I was a bit wary coming into this story. The season has felt a bit different at times, and at others (such as ‘Death to the Daleks’) it felt like it was just going through the motions, so when I was faced with a story featuring the return to Peladon, the return of Alpha Centauri and the like, and I knew it was going to be six parts, I was a little sceptical. Then my friend Andrew, watching all the stories with me, but unlike me not for the first time, said it was a pretty slow and difficult story to get through. I was not looking forward to ‘The Monster of Peladon’.
|Donald Gee and Elizabeth Sladen with Alpha Centauri and an Ice Warrior.|
But hey, it was ok! I watched it in two installments of around three episodes each, and although it never reaches great heights it moved ok with an interesting-enough story and some decent characters. I was disappointed that the Ice Warriors again had been cast as villains, and I thought Aggedor could have had a bit more to do, but a solid six parts with interesting ideas and wonderful performances from Elizabeth Sladen and Jon Pertwee. Some of the acting by Liz Sladen when she thinks the Doctor dead was really moving. I was very impressed. And it’s a classic case of the Doctor putting himself before everyone else to stop the Ice Warriors’ scheme.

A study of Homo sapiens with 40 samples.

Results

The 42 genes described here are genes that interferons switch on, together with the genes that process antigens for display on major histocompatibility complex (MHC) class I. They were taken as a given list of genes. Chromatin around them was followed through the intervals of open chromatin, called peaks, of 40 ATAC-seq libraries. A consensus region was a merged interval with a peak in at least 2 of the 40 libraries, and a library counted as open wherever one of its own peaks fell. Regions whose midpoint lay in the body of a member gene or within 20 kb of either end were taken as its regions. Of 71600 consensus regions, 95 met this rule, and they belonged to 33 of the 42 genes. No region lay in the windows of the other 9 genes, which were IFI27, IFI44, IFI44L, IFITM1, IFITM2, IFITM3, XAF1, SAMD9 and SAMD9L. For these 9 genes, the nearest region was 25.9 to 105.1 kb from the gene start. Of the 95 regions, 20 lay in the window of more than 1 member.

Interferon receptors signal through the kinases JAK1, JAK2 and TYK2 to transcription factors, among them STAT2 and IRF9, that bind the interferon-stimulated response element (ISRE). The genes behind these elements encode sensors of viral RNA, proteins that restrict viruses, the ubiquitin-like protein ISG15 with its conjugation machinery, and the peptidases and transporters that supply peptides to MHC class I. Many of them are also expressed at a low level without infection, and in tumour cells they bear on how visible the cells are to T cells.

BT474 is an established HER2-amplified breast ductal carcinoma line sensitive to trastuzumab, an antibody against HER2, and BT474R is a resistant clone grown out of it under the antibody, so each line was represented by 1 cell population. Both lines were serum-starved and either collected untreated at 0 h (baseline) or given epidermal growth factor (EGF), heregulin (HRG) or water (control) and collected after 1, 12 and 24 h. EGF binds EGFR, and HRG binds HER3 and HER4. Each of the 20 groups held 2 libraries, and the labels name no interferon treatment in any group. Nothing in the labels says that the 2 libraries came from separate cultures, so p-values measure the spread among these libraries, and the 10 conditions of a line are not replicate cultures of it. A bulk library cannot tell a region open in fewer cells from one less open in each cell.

A good guest cast as well. Nina Thomas is perhaps cuter than you’d expect from a Queen, but she does a great job as Thalira, and there’s some really good stuff between her and Sarah. Then there is Rex Robinson in for his second Doctor Who adventure in two years – he played Doctor Tyler in ‘The Three Doctors’. He plays the leader of the miners here, Gebek, and despite the fact that all the miners have ridiculous hair, does a good job.
|Jon Pertwee gives his service to the Queen.|
Also returning to Doctor Who is Donaled Gee, as the co-conspirator, Eckersly. It’s a good character, one the audience doesn’t suspect really until the truth is revealed. Not an earth-shattering performance, but a good job. Frank Gatliff is Chancellor Ortron. This is a good character too. Unlike Hepesh (in ‘The Curse of Peladon’) Ortron is true to his Queen. However, there is a class warfare going on on Peladon, the Royalty versus the miners. Again, Brian Hayles’ script has political connotations, more so than the previous story.
Sadly, although it is Aggedor who gets Eckersly in the end, the poor beast pays the price and is killed. Although it’s not the most convincing monster in the world, it’s still a sad end to the tale.
|Jon Pertwee shows Liz Sladen a statue of Aggador.|
It’s slow in places, and the hair is just bizarre for the miners, some of the dialogue is purely functional and it seems to tread over old ground with the Ice Warriors, but still I enjoyed this story enough to be surprised.